Visitorsto the Paris Air Show are being treated to a full-scale mockup of Russia'sproposed Kliper spaceliner.
Themulti-use vehicle is one piece of Russia's Rosaviakosmos display at the Pairs Air Show nowunderway until June 19. Rosaviakosmos is Russia'sFederal Space Agency, with the Kliper design aproduct of that country's EnergiaRocket and Space Corporation.
The exhibit includes a lookinside the Kliper (or Clipper in English), showing theplacement of passengers behind a flight crew.
Russiais touting the spacecraft as a replacement for their workhorse spacecraft, theSoyuz. Much like NASA's Crew Exploration Vehicle (CEV), future destinations forthe Kliper are said to be the International Space Station, the Moon, as well asMars, according to Russian officials. It could also serve as an emergencyrescue craft for space station crews.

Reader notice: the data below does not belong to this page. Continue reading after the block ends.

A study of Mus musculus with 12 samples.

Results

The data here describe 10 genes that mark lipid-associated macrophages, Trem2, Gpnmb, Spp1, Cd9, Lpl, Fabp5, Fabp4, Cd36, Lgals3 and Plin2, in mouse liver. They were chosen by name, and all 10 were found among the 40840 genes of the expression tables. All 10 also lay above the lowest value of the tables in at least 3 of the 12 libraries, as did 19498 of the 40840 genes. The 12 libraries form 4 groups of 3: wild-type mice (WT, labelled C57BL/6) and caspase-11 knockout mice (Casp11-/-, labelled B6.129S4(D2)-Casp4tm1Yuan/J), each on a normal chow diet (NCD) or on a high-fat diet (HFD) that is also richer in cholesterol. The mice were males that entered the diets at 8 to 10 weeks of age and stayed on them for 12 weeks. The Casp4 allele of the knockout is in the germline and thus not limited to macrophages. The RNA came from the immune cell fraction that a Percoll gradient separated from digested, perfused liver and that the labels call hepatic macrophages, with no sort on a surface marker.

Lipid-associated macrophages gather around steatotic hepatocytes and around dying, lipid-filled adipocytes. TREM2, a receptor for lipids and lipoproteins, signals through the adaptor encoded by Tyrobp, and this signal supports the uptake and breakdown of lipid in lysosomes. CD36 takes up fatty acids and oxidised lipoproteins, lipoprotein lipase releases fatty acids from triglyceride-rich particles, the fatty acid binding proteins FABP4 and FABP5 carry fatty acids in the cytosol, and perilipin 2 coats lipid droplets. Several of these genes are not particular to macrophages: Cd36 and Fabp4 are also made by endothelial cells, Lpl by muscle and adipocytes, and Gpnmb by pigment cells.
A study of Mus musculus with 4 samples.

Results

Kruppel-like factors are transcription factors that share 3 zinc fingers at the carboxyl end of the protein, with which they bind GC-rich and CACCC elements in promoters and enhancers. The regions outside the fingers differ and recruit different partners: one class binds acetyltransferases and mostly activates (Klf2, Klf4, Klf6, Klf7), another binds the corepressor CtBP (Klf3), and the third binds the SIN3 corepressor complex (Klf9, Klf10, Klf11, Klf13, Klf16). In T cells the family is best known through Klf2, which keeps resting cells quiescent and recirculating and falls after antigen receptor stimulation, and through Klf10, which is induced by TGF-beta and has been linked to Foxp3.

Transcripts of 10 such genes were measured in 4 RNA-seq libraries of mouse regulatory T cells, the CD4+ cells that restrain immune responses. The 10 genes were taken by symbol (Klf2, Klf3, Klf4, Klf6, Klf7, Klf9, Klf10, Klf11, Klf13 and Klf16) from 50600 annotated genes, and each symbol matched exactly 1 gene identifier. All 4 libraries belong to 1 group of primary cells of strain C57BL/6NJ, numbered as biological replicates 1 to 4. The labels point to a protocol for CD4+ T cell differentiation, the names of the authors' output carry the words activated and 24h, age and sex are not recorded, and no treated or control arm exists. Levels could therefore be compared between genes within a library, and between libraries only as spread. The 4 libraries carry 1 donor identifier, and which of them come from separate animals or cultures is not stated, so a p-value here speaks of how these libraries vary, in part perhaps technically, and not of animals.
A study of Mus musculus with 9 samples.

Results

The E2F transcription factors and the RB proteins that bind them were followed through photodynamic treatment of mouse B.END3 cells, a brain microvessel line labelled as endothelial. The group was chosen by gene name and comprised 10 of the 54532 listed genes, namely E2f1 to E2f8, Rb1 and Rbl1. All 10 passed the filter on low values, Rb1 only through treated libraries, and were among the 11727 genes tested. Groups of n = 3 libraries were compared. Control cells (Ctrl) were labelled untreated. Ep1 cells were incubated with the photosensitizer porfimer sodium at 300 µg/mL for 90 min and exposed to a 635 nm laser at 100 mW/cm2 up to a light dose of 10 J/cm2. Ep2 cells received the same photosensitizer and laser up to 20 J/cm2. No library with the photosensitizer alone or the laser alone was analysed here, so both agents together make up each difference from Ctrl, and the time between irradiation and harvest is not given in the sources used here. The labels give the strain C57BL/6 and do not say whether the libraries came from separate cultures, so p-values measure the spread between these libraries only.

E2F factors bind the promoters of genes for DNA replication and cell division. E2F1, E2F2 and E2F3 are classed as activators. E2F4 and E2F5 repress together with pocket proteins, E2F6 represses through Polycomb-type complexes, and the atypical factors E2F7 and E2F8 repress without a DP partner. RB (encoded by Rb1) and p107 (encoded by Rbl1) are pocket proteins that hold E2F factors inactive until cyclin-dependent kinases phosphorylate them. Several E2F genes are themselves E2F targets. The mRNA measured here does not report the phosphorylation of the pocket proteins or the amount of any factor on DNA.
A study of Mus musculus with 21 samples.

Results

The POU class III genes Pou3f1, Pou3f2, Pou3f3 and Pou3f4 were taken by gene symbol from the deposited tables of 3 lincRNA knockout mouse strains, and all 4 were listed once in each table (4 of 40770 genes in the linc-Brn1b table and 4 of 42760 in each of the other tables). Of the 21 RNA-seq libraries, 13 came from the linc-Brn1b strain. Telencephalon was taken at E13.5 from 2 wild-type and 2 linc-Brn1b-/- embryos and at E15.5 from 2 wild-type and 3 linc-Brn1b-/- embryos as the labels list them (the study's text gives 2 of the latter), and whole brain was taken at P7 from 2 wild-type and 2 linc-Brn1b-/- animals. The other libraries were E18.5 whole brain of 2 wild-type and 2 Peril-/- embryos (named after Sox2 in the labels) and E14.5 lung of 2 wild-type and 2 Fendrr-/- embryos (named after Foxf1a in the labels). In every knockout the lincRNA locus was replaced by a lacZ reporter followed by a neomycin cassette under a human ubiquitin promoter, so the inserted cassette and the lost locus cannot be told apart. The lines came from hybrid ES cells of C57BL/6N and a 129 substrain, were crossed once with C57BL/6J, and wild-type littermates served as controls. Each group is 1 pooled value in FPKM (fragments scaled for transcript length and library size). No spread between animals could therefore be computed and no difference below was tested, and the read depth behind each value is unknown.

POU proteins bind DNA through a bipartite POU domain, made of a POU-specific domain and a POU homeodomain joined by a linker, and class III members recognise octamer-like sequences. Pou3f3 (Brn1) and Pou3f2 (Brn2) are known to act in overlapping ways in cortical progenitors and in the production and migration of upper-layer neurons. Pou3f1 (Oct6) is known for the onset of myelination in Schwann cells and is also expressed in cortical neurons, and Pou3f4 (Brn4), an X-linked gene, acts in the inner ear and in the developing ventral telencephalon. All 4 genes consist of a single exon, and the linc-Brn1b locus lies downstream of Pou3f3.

Atthe Paris Air Show, Anatoly Perminov, head of Russia's Rosaviakosmos, has made note that both Europe and Japan haveexpressed interest in joining in on Kliper development. However, decisions werestill to be made as to how they could contribute to project, according to RIANovosti, a Russian news agency.
Russian space officials forecastthat the Kliper can carry six people: two pilots with the other four seats forastronauts or space tourists. In addition, the spaceship can haul up to 1,540pounds (700 kilograms) of cargo.
TheKliper could be in service in the 2010-2011timeframe. Novosti has also quoted Perminov as saying that the Klipercan be launched from European as well as Russian spaceports.
Kliper's launch vehiclewould be a Russian Onega rocket--a modified version of the Soyuz carrier rocket.